The Farmhouse Story


The Farmhouse Café may be brand new but the property has a history that goes back to the early days of Greenville. The Muzzy family ties to the farm go back to 1911 when Luke’s great grandfather, Simeon Leslie (better known as S.L.) Muzzy, bought the farm and moved his parents and family there.

Prior to that the farm was owned by a number of folks including William Haines of Waterville who went on to become Governor of Maine. The farm was used in connection with his lumber operations and was known as one of the finest farms in this part of the State. 

S.L. started out by growing potatoes but after a disastrous year when most carloads were frozen en route to Boston, and with everything heavily mortgaged to pay fertilizer and shipping bills, he branched into the milk business in 1913. This small beginning with three or four cows would become a business which continued for many years and was improved and expanded upon by his son Edmund.

A go-getter and a hard worker, S.L. built his dairy herd until Indian Hill Farm became the source of nearly all of the milk in the town of Greenville. To supplement his income, he combined his dairy farming with lumbering — hauling logs for several winters for Shaw Lumber Co.


In the early 1920s S.L., who had a true pioneering spirit, began a tourist business with two small cabins and a remodeled roadside stand. As travel increased and more people came to view the beautiful Moosehead Lake Region, the business grew to a cluster of housekeeping and overnight cabins on the hill overlooking the lake and the town.

In November of 1929 a fire wiped out the entire set of farm buildings on Indian Hill. The fire started in a hay loft of the dairy barn and spread unimpeded through that building, the two-story farmhouse and another large barn and out buildings. Only a wagon shed and a small building were saved. Some of the furniture in the house was removed by neighbors (some of which is used in our Café) but all the personal effects of the family were gone.

A week later rebuilding on the old site at Indian Hill commenced and with the generous help of townspeople the barn was completed in thirteen days and the cows which were temporarily housed in the Crafts barn on Eveleth Hill were moved back home. Work on rebuilding the farmhouse started in the spring and the family moved back to Indian Hill in July, 1930. The new farmhouse with its numerous upstairs bedrooms and its large downstairs dining room operated in the summer months as the “Bed & Breakfast” at Indian Hill. The home is basically the same now as it was back then. Indian Hill Farm became and remained for many years a prominent dairy farm with tourist lodgings located on the hill entering the village of Greenville and encompassing a breathtaking view of Moosehead Lake and the surrounding mountains.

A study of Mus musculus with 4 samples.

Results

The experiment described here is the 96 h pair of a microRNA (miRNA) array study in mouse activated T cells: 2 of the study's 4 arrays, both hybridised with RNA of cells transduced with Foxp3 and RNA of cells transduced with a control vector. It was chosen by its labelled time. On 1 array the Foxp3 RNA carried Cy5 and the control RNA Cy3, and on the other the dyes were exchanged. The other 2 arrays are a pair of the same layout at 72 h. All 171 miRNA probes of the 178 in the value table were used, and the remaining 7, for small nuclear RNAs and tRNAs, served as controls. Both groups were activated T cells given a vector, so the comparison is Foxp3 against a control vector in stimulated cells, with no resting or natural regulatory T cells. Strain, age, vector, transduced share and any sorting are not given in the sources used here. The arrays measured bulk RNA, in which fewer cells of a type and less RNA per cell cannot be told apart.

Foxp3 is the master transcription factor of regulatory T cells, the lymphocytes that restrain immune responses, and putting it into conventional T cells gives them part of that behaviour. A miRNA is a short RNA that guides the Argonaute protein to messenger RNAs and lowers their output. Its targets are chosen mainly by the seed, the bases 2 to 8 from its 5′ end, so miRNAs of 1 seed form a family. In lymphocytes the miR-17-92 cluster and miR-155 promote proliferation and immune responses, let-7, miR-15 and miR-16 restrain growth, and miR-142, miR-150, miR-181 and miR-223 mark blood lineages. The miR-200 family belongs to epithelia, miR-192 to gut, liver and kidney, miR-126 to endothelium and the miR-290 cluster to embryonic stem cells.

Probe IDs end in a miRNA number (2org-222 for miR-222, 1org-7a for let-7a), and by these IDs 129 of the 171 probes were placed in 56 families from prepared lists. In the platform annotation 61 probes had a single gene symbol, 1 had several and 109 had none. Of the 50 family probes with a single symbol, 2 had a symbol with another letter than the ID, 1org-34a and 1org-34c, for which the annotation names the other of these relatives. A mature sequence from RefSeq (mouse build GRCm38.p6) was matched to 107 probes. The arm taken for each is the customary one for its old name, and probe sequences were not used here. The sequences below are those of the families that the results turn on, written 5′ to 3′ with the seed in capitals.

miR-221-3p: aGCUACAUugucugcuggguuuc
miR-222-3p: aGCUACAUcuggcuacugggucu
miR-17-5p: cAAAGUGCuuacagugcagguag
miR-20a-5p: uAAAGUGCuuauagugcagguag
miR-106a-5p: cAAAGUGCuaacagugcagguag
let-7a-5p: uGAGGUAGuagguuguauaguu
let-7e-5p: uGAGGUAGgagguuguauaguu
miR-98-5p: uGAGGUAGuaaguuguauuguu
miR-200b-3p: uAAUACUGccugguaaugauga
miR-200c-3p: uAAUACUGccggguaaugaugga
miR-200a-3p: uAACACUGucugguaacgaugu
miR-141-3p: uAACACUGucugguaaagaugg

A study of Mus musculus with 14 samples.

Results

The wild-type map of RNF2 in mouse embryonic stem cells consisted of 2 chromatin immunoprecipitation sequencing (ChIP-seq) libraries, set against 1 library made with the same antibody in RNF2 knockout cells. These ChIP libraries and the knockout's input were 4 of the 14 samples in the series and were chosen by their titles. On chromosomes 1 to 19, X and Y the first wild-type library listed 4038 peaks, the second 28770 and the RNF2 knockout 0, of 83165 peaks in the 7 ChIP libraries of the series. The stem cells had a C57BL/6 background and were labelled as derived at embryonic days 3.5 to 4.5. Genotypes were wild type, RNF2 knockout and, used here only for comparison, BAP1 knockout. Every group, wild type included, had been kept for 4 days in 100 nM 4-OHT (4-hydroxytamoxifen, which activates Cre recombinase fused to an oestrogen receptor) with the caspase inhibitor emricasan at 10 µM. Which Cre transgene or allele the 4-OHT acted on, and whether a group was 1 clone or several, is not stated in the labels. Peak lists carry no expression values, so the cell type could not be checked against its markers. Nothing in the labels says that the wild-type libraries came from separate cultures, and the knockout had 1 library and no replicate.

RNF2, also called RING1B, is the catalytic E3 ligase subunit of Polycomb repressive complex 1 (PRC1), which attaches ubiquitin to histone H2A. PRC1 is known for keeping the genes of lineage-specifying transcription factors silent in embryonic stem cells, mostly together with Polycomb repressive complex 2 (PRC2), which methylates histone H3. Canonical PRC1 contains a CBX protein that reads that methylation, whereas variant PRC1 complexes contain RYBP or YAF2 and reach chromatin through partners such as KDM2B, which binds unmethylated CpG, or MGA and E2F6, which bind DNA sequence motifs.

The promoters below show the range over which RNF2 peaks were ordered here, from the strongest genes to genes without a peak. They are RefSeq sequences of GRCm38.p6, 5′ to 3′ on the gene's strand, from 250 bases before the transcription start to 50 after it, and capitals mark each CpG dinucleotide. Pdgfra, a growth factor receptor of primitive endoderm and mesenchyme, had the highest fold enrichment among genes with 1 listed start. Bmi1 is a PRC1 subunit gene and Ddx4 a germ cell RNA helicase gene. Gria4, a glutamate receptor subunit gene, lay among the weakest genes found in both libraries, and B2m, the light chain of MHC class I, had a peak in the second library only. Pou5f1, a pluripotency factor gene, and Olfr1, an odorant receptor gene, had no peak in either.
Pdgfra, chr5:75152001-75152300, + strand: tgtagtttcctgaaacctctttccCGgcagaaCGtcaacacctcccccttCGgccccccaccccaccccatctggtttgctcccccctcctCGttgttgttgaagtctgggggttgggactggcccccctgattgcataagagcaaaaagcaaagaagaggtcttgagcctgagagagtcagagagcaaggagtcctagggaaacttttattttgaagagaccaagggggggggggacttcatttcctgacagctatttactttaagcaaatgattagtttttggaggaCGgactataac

S.L Leslie Muzzy died in May of 1952. His funeral service was held in the big front living room of the farmhouse, the place he built with hard work, love, and pride. By now the farm and cabins were being operated by S.L.’s son and daughter-in-law, Edmund and Elaine (Bartley) Muzzy. After Ed’s untimely death in 1959 (at the young age of 49) Elaine and their son Bill (Luke’s father) carried on at Indian Hill.

Bill, just 26 at the time, took over the farming operations. In 1961 Elaine removed the tourist cabins and built and managed the Indian Hill Motel, the first motel in the region.

By now the farm had grown into one of the largest in Piscataquis county, complete with a dairy in downtown Greenville (now the home of the Maine Guide Fly Shop). The farmhouse was constantly a beehive of activity with Bill’s wife, Callie, being the queen bee! Callie was always cooking! If it wasn’t for her three boys then it was for the farm crew or the overnight guests.

By 1970 the farm was the last of six dairy farms left in Piscataquis County. The modernization of the milk industry changed things to the point where the small farms could no longer compete and Bill made the painful decision to sell the cows and to begin a new career in construction. For the next 20 years Bill and Callie raised their boys and stayed very busy. In the mid 70s Callie took over the motel from Elaine and then in 1978 Bill and Callie built the Indian Hill Trading Post.

In 1991 Luke and Laurie purchased the Farmhouse and motel and moved their family in on Thanksgiving Day. Their children, Susan and John became the sixth generation of Muzzys to live at the farm. For the past 26 years the farmhouse has been used as a residence and has etched memories that the family will have forever.

In June of 2018 the Farmhouse made its transformation into the cafe that welcomes people today from far and wide. In November of 2018 the Muzzy Family will welcome the 7th generation as Susan and her husband Todd welcome their new baby. 

In a way, Farmhouse Cafe is part of the "farm to table" movement because what once was a thriving dairy farm is now a cozy cafe where friends meet across the table. The Muzzy Family and Farmhouse Cafe await your visit and invite you to experience the next chapter of her history for yourself.